Bridge to Home hosted a virtual ribbon-cutting ceremony Monday to commemorate the completion of the sewer and water hookup to the agency’s site and began a community-wide campaign to raise funds, with a goal of $2.5 million, for the new permanent homeless shelter.
Community leaders joined Bridge to Home in the ribbon-cutting ceremony to celebrate the completion of the sewer and water hookup to their site on Drayton Street, the first step in building the new facility, which is set to be completed fall 2022.
“These buildings have aged beyond their usefulness,” said Tracy Carpentier, chair of Bridge to Home’s board of directors. “Keeping the decaying buildings in working order is a real challenge for us, and there was no hookup to a sewer and no running water.”
The current Bridge to Home shelter consist of multiple portable buildings, which did not have sewer and water utilities. With hopes to build a site that will be able to house 60 beds and eight apartment-style units for families, Bridge to Home kicked off a campaign to raise $2.5 million for the completion of the site, where construction is scheduled to begin in summer.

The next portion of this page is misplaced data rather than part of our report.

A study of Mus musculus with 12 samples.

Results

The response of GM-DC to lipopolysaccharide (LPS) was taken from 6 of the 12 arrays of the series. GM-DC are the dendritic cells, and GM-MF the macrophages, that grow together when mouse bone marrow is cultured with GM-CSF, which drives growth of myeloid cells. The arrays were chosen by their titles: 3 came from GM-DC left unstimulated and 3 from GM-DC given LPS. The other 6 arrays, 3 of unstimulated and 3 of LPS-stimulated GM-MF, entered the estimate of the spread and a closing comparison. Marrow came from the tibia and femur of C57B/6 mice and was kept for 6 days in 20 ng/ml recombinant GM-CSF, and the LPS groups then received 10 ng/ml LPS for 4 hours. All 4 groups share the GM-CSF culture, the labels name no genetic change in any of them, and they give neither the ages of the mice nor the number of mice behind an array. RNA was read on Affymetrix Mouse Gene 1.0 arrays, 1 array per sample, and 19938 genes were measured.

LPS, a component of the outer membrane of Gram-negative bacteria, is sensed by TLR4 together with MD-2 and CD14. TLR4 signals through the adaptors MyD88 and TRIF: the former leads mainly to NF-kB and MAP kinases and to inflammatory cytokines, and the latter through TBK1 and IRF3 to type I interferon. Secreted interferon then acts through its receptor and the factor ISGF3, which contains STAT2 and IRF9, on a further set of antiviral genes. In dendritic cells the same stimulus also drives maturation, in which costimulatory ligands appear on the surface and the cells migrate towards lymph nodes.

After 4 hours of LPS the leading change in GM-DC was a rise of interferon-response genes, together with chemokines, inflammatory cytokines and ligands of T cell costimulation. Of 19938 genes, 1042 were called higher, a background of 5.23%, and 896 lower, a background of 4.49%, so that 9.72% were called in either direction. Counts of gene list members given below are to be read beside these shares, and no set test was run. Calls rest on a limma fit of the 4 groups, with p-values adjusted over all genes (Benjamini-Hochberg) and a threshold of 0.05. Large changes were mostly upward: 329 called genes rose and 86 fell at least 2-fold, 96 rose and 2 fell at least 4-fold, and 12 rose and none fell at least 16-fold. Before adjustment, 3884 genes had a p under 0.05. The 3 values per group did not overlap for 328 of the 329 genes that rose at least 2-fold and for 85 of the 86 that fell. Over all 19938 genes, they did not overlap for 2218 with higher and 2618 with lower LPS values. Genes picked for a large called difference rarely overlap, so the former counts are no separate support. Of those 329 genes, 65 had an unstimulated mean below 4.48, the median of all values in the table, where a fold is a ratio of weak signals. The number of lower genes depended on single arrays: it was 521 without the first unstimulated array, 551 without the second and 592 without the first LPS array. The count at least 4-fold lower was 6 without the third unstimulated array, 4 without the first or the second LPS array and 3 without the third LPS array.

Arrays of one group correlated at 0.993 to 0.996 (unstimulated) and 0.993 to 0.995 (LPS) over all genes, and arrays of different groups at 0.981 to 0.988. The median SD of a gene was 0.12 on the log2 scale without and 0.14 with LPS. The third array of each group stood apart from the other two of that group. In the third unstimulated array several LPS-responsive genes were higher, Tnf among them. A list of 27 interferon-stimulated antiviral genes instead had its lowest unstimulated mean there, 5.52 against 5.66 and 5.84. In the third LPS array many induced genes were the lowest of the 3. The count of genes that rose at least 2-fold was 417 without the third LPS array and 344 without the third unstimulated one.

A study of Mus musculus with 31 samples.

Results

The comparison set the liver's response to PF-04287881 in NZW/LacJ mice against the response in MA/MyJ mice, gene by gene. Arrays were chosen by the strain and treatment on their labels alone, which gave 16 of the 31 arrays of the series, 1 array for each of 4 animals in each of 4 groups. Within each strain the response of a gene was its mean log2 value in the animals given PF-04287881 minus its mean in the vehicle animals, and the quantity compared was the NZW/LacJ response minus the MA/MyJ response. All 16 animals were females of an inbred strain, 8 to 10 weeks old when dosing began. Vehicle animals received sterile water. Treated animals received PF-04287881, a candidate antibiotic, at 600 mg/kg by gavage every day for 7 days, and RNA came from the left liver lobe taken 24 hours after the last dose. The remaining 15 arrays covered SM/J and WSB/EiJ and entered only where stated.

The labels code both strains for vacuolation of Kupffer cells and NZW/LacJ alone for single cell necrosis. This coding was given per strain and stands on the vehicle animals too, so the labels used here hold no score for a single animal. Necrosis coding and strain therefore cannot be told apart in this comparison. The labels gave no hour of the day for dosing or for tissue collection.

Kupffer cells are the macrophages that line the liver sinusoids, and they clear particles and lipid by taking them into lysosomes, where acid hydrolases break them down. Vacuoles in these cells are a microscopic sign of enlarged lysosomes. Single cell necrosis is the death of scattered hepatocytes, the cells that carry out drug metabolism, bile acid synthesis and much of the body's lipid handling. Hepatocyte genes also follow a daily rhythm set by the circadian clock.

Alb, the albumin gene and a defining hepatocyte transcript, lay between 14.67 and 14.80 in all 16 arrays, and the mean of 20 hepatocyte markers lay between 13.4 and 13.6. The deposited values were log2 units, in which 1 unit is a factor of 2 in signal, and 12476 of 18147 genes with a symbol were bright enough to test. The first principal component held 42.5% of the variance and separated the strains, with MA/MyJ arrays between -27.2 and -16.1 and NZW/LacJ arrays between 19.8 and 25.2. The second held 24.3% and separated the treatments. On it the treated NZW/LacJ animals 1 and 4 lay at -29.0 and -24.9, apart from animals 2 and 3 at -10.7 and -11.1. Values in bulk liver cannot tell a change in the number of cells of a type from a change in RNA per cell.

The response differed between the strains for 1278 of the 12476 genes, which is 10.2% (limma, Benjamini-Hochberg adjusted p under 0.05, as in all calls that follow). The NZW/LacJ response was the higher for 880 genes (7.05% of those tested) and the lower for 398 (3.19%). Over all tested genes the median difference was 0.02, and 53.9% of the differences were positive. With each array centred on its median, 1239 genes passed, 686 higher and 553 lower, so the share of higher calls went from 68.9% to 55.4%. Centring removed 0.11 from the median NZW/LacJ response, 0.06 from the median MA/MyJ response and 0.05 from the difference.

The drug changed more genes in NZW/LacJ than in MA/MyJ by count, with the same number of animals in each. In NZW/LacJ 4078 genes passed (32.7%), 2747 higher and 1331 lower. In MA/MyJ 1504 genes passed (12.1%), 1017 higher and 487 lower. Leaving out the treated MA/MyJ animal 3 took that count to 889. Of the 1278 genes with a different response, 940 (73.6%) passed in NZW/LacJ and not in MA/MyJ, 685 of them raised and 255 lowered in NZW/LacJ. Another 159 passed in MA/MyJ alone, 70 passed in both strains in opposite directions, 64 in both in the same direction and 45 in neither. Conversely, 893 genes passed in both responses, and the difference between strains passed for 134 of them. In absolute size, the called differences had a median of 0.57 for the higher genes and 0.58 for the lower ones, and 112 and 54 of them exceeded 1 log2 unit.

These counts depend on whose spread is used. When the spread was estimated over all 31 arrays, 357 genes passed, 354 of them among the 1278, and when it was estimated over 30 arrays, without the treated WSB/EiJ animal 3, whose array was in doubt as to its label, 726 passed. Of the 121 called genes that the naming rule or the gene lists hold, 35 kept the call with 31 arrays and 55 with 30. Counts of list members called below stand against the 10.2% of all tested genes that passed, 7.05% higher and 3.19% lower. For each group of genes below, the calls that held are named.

“We will build a state-of-the-art, permanent shelter right here on Drayton Street,” said Executive Director Mike Foley. “We’ve started this project by providing sewer access and running water for the very first time.”
Frank Schiro, volunteer at the shelter, said to make breakfast at the site, portable skillets and cooking equipment were brought in so residents could be fed.
The agency has also partnered with College of the Canyons to help those who live at the shelter seek resources in higher education, and Carpentier said there are currently 11 residents enrolled at COC and 20 more in the application process.
Other services will also be available for residents at the shelter to assist with home-buying and job preparation.